Remembrance Day special to Afghanistan veteran

HUMBOLDT — Remembrance Day looks different to Colby Hogemann now compared to when he was a kid.

The Afghanistan veteran takes the day off and remembers not just the soldiers who didn’t make it home, but the ones that are still serving. For him, it is a more important day than his birthday.


Coming out of high school, Hogemann didn’t know what he wanted to do. He knew he did not want to go into post-secondary education and he heard about military opportunities through a teacher’s husband.

Hogemann spent a year and a half in the reserves before serving in Afghanistan, driving a tank for five years with the Lord Strathcona’s Horse Royal Canadians before coming home.

For him, the military offered him structure, leadership, family, and the ability to work towards what you want.

“I think I got that quality from the military because you strive for things you really want to do. If you strive to be a master corporal, you into your courses, you have to be top notch on your courses to get the division.”

Being part of the military were the best years of his life, Hogemann said but he also had to deal with being away from family and friends for months at a time. That took its toll.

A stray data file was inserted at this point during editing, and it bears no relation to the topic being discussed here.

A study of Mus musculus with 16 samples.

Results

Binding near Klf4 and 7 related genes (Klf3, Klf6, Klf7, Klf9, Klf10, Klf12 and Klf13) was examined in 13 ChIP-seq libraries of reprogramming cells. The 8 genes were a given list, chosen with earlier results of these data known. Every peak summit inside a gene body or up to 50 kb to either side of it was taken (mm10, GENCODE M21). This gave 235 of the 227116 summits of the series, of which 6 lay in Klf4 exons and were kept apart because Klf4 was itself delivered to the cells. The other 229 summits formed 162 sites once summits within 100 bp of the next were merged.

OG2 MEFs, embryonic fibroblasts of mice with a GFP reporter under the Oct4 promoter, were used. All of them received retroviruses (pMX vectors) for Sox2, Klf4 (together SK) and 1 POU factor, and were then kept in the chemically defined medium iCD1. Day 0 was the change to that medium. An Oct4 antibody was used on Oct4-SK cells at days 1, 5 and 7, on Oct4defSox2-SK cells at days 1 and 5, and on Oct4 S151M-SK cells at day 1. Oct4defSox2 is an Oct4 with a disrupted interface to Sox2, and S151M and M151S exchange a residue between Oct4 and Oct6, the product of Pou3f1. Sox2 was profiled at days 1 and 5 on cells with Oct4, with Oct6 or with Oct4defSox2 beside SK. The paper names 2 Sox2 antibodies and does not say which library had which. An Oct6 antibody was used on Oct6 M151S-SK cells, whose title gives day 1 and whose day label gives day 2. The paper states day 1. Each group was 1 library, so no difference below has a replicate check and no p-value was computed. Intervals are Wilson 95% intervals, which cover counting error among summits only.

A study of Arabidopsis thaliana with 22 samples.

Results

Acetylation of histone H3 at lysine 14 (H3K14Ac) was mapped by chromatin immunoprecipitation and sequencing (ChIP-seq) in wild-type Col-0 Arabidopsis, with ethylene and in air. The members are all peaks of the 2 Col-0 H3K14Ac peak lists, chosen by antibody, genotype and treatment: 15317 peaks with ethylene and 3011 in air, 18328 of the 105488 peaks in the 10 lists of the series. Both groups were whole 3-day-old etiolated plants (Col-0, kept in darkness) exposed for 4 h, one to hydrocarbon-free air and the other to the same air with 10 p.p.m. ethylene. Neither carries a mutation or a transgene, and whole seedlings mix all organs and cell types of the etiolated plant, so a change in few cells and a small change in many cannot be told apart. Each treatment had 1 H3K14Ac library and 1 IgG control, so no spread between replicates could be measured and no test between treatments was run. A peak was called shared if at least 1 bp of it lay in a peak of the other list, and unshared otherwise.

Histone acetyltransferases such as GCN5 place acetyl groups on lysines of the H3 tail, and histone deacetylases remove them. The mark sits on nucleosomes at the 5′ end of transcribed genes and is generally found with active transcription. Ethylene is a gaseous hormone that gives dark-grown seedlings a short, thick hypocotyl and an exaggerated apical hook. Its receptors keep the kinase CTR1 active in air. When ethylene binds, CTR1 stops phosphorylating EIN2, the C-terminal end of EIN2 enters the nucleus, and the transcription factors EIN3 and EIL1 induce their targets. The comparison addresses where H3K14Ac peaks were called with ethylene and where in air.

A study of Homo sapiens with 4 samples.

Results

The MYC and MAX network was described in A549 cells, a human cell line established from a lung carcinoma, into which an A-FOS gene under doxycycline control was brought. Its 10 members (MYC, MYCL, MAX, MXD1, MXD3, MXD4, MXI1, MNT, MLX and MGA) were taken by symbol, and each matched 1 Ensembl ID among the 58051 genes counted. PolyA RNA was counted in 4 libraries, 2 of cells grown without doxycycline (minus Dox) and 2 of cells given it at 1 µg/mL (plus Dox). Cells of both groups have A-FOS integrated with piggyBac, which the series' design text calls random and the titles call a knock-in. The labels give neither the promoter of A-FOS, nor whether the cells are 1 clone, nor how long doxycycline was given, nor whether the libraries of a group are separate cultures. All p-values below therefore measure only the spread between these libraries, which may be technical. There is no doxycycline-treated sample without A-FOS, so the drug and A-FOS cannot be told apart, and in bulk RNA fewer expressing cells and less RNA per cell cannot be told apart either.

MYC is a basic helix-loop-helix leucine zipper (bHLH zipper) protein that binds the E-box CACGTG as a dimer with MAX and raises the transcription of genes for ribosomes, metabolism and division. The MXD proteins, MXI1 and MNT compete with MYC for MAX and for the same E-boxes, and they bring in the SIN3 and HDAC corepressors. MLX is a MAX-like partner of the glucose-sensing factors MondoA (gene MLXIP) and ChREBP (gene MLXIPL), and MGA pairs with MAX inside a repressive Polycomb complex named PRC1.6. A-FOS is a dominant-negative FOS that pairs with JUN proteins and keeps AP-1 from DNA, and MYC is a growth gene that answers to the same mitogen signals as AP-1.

“You miss a lot of things in people’s lives. That was probably the hardest part.”

Hogemann is open about what he’s seen. He said living through five years in Afghanistan, especially as the lead call-sign, means you have to push the difficult thoughts into the back of your mind.

“That’s it for everybody. You put it into the back of your minds, do your job, and then everybody will come home. The worst can happen but you can’t think about that 24/7 or you’re not going to do your job and you might make a mistake.”

Going through something like that, he said, you understand the importance of Remembrance Day.

“Back then, you were told what it was and why it existed, but, as a kid, you don’t really fully understand until you get older; the conflicts they went through and reading about their history.”

During that time, Hogemann also did not have anyone he knew in the military, he added. He knows that Remembrance Day is different for his nieces and nephews since their uncle gives them that connection.